Former White House chief of staff John Kelly said Wednesday that Lt. Col. Alexander Vindman, a key witness in President Donald Trump's impeachment inquiry, was right to raise concerns about Trump's July call to Ukraine's president, The Atlantic reported.
Kelly also believes that Vindman, who was fired from White House last week, told the truth during testimony before House investigators last fall.
"Having seen something 'questionable (in the call),' Vindman properly notified his superiors," Kelly said at an event at Drew University, according to the magazine. "When subpoenaed by Congress in the House impeachment hearings, Vindman complied and told the truth."
"He did exactly what we teach them to do from cradle to grave," he said, according to the magazine. "He went and told his boss what he just heard."
Kelly said that when Vindman heard Trump tell Ukrainian President Volodymyr Zelensky that he wanted the country to investigate former Vice President Joe Biden and his son, Hunter, the ask was for the aide "tantamount to hearing 'an illegal order,'" The Atlantic reported. Trump and his allies have repeatedly made unfounded and false claims to allege that the Bidens acted corruptly in Ukraine.
"We teach them, 'Don't follow an illegal order. And if you're ever given one, you'll raise it to whoever gives it to you that this is an illegal order, and then tell your boss,'" Kelly said, according to the magazine.
The comments by Kelly, a retired Marine general who left the White House in January 2019, come as Trump has suggested Vindman could face disciplinary action, though a US defense official with knowledge of the matter told CNN there is no Army investigation into the Iraq War veteran and Purple Heart recipient. Although Kelly has previously voiced criticism of Trump since leaving the White House last year, he touched upon a wide array of subjects in the new interview and prompted a Twitter blast from the President later Thursday morning.
"When I terminated John Kelly, which I couldn't do fast enough, he knew full well that he was way over his head. Being Chief of Staff just wasn't for him. He came in with a bang, went out with a whimper, but like so many X's, he misses the action & just can't keep his mouth shut," Trump tweeted.
White House press secretary Stephanie Grisham called Kelly's comments criticizing the President "disingenuous" and said she was "disappointed" Thursday morning.
In addition to heaping praise on Vindman for his conduct during Wednesday night's 75-minute question-and-answer session, Kelly offered a litany of "misgivings" about his former boss, according to The Atlantic. He reportedly took issue with Trump's characterization in 2015 of Mexican immigrants as "rapists" and criminals, telling attendees that "it's wrong to characterize them that way." He also cast doubt on Trump's attempts to get North Korea to denuclearize, saying he "never did think (Kim Jong Un) would do anything other than play us for a while."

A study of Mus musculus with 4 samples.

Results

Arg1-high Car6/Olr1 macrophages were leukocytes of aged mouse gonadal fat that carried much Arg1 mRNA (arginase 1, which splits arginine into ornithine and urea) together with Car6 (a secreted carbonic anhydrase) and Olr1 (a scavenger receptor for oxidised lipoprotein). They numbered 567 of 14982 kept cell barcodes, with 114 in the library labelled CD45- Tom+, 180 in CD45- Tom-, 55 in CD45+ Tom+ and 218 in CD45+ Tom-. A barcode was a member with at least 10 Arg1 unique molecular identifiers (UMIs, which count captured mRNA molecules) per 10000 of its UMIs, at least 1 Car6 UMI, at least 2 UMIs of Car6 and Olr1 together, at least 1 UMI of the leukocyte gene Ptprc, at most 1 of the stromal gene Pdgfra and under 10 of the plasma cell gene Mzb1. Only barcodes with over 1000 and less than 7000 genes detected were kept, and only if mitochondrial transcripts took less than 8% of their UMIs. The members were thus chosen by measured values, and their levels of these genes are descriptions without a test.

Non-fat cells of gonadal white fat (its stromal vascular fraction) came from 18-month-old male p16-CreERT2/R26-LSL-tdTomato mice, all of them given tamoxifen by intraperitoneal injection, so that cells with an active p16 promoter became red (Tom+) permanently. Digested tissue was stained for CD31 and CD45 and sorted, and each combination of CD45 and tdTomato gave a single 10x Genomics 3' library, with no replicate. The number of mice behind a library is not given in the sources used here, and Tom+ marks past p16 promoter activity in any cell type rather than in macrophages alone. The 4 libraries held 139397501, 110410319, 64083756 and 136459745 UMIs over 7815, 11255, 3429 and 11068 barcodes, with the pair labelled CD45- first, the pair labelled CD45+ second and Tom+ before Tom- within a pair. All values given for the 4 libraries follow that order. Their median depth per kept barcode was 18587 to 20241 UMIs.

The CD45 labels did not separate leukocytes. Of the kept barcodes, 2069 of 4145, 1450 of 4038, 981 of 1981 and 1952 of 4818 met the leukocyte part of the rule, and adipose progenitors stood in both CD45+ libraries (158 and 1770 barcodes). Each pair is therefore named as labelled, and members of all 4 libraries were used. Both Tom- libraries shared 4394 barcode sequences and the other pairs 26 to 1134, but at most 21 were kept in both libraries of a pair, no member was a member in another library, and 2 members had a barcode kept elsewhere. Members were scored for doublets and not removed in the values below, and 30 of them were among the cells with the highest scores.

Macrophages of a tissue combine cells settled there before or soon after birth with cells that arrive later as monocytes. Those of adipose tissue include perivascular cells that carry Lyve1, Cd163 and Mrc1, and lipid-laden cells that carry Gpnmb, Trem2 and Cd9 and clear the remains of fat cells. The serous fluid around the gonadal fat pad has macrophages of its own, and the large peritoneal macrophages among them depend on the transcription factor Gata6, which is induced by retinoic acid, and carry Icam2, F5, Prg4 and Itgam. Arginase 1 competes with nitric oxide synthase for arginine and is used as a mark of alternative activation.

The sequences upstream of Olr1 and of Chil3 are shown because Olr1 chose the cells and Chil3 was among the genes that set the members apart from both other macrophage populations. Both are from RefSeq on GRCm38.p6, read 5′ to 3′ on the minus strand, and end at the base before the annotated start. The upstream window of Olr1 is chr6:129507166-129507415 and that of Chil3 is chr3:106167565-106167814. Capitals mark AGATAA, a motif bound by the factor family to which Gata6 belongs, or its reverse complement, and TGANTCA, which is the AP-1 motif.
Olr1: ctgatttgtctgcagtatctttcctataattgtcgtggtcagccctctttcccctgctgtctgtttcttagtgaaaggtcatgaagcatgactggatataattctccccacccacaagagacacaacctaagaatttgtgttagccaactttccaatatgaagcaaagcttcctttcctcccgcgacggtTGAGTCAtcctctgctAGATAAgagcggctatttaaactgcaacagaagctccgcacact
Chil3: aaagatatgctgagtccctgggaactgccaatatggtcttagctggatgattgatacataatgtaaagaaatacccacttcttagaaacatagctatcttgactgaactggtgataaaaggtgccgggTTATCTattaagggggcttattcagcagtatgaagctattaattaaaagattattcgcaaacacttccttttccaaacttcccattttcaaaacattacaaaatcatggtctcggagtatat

Kelly said during the event that he does not think the press is "the enemy of the people," as Trump has repeatedly claimed, according to both The Atlantic and the Daily Record, a New Jersey newspaper that also reported on the talk.
"The media, in my view, and I feel very strongly about this, is not the enemy of the people," he said, according to the newspaper. "We need a free media. That said, you have to be careful about what you are watching and reading, because the media has taken sides. So if you only watch Fox News, because it's reinforcing what you believe, you are not an informed citizen."
The former staffer also appeared to express regret over his decision to leave his White House post, according to the Daily Record, which reported that Kelly said: "I guess I feel bad, in a way, that I did leave, and I did know that if (Trump) didn't find someone like me that was willing not to stand up to him."
"But I stood firm and managed to get him to listen to all sorts of inputs and then he makes a decision, I knew this would happen," he said, according to the newspaper.
During the event, some protesters shouted at Kelly over the administration's now-reversed "zero tolerance" policy on the southern border and its travel ban on a number of foreign countries, Peter Nicholas, the article's author, told CNN.
The protesters were escorted out, though "Kelly handled it well, watching and in some cases trying to answer them," Nicholas said.
Last month, Kelly said he believes John Bolton's allegation that Trump told the former national security adviser that US security aid to Ukraine was conditioned on an investigation of the President's political rivals, adding that Bolton should be heard from. At the time, congressional Democrats were trying to get the Senate to subpoena Bolton to testify during Trump's impeachment trial but the efforts were ultimately unsuccessful.
In October, Kelly said the President would not be in the middle of an impeachment process if he were still chief of staff, implying that White House advisers could have prevented it. He also said before he left the White House he advised Trump on hiring his replacement.
"I said whatever you do, don't hire a 'yes man,' someone who won't tell you the truth — don't do that," Kelly said at the time. "Because if you do, I believe you will be impeached."